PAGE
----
Recapping the First NFL Season of Longer Extra Points

There was much discussion prior to, and early in, the 2015 NFL season regarding the effect of longer extra points. With the distance going from 19 to 33 yards, there were a number of unsubstantiated opinions floating around. Some analysts suggested that better-than-expected accuracy in the early season would fade due to bad weather. Others claimed that the longer extra points had gotten inside the heads of kickers, to the point where early season struggles on field goals somehow caused by increased misses on extra points. Chuck Zodda has been tracking this all season and has the complete data set.

NFL kickers made 1145 of 1217 extra points from the longer distance, good for 94.1%. This is 1.4% higher than the 92.7% I predicted before the season started, and below the mid-95% range I predicted after Week 8 suggesting that like most things in life, the end result tends to be in the middle of expectations rather than at the extremes.

One statistical oddity that showed up over the second half of the NFL season was that kickers showed slight improvement on field goals from 30-39 yards, going from 92.9% in Weeks 1-8 to 93.1% in Weeks 9-17, while at the same time seeing accuracy on extra points drop from 94.6% in Weeks 1-8 to 93.6% in Weeks 9-17. However, both of these changes fall within the expected margin of error, suggesting that these fluctuations are merely due to chance, and most likely not the result of any true change in kickers’ abilities.

Among kickers with at least one attempt per team game, just five kickers notched a perfect season on extra points – Stephen Gostkowski (52-52), Mason Crosby (36-36), Justin Tucker (29-29), Matt Bryant (26-26), and Dan Bailey (24-24). Crosby is the most-unexpected member of this cohort, having struggled with accuracy throughout his career despite a big leg.

On the other side of the coin, several kickers struggled to adjust to the new distance. Of kickers attempting at least one kick per team game, Blair Walsh (33-37, 89.2%), Josh Lambo (28-32, 87.5%), Dan Carpenter (34-40, 85%), and Jason Myers (32-39, 82.1%) converted under 90% of their extra point attempts. There is no one factor that explains the struggles for these kickers, as they operate in different climates, with different levels of experience, and on different playing surfaces, suggesting they each suffer from individual issues unique to their approach and technique on extra points.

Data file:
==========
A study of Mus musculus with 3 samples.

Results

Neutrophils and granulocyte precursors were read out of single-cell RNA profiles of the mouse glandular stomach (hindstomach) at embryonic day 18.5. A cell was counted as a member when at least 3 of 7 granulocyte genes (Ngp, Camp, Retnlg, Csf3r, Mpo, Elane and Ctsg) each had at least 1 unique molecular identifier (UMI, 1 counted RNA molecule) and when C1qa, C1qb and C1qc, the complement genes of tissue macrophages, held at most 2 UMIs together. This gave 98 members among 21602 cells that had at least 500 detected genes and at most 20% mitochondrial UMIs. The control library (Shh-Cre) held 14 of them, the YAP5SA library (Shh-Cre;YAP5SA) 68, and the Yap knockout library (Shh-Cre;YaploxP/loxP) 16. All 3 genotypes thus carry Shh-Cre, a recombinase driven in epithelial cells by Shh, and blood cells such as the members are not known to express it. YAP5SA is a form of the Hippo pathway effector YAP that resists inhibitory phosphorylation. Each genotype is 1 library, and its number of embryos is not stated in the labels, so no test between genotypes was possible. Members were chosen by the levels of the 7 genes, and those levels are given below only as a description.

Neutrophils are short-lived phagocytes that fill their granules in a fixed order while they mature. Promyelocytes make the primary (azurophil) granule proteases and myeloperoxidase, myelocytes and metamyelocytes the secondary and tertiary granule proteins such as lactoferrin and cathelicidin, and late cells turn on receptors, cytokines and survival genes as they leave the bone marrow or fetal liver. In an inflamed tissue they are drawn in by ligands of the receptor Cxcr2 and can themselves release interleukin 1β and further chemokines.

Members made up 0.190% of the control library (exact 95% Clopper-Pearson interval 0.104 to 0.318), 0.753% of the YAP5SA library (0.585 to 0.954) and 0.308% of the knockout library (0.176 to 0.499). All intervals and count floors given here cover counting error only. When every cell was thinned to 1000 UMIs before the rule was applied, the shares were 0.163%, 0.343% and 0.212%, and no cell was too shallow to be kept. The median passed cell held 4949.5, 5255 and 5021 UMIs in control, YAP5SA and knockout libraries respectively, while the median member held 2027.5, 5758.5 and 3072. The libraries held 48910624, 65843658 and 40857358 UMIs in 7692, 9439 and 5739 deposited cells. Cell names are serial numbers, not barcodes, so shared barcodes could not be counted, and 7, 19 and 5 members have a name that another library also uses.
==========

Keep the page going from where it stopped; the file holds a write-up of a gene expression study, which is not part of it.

There was a noticeable increase in two-point conversion attempts, with 93 tries in 2015 compared to 58 in 2014. This represents a 60% jump, and can be directly attributed to the longer extra point attempt – both because coaches do not want to attempt extra points in certain situations, as well as needing to go for two after earlier misses.

In lengthening the extra point, the NFL has changed how fans view the kicking game. What was once a throwaway event where you could head to the bathrooms and concession stands, has become another important tactical and strategic coaching decision. Rather than devaluing kickers, the longer extra point has instead placed an increased emphasis on those with greater accuracy, as opposed to simply having a big leg to blast attempts from 50+ yards.

It has made the game more exciting without compromising the integrity of the game, and as such, stands as one of the best rule changes the NFL has made in recent years.

Follow Chuck on Twitter @ITP_ChuckZ.

Chuck Zodda knows the importance of staying in your lane, how to fake a punt return, the humanity of punters, proper placekicking technique and the Jets.

One thought on “Recapping the First NFL Season of Longer Extra Points

  1. I really disagree with this conclusion. Extra point kicks are not any more exciting just because they have a 5% chance of being missed. The problem is that the defense has no realistic chance of affecting the play. It’s just a matter of whether the kicker hits it true. It’s basically like watching golf. All the rule change has done is make it so that more games can be decided based on a fluky play that no one cares to watch because it is not a competitive play.